Prenatal testing found to be complex issue
By Kristina Bergen
Today prenatal imaging techniques such as ultrasound are so common as to be assumed a natural part of pregnancy. And many mothers have the pictures to prove it.
But techniques such as amniocentesis and serum screening (blood tests) that are designed specifically to detect disability in utero are also becoming more common, even though women may not be aware of all the implications of testing.
“Although prenatal tests are very useful in providing women with information about the health status of their child, their use is not without consequences to women, their families and society as a whole,” says U of S Psychology Prof. Karen Lawson.
Funded by the Saskatchewan Health Research Foundation, Lawson is examining women’s satisfaction with their decision on whether to use prenatal testing.
She has found that although most women report being very satisfied with their decision and would make the same decision again, many expectant mothers who have amniocentesis or serum screening experience great anxiety while waiting for test results.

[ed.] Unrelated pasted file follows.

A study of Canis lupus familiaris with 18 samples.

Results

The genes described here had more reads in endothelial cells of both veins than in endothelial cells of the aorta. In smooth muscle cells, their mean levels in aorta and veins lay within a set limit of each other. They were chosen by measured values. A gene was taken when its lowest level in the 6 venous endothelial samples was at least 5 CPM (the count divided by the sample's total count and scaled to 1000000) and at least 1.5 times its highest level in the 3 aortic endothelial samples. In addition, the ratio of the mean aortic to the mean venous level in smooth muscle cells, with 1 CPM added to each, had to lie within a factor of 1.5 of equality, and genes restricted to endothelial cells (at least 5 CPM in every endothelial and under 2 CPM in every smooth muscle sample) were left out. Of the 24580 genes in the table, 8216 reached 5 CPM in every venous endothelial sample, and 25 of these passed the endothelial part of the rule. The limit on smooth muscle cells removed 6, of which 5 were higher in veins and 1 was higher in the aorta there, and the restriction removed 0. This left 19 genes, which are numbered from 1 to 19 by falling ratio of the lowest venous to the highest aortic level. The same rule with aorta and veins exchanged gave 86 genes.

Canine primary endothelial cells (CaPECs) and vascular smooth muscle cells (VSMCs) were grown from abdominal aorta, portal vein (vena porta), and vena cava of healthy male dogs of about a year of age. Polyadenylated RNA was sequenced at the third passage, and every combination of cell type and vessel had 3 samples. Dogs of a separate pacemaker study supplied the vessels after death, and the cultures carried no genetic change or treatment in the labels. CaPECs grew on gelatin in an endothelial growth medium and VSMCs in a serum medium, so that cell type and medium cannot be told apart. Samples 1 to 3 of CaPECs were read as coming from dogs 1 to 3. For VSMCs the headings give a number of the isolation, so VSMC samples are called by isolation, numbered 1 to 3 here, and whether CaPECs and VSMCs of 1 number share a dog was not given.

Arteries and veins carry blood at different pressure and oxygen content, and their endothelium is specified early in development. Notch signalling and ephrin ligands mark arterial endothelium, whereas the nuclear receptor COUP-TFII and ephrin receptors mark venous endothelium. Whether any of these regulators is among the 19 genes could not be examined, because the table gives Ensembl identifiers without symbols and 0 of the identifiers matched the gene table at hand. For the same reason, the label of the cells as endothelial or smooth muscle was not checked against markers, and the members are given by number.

This emotional stress may cause headaches, a loss of appetite, high-blood pressure, fatigue or sleeplessness, all of which can affect the health of both mother and child.
Lawson says anxiety can also influence a woman’s reaction to her pregnancy, stalling an emotional bond between mother-to-be and unborn baby until test results confirm everything is fine.
In a related study funded by the Social Science and Humanities Research Council, she is also examining the extent to which perceptions of parenting a disabled child, specifically a child with Down syndrome, underlie parents’ reasons for having prenatal tests performed.
Initial findings suggest that people who are more likely to seek prenatal testing believe parenting a child with Down syndrome doesn’t offer the same personal rewards usually associated with raising a child. This idea seems to be based on negative stereotypes. Meaningful relationships with Down syndrome children are linked to more positive perceptions about what parenting a child with Down syndrome would be like, she says, “and this appears to translate into less desire to use prenatal testing or to terminate a pregnancy in which Down syndrome has been diagnosed.”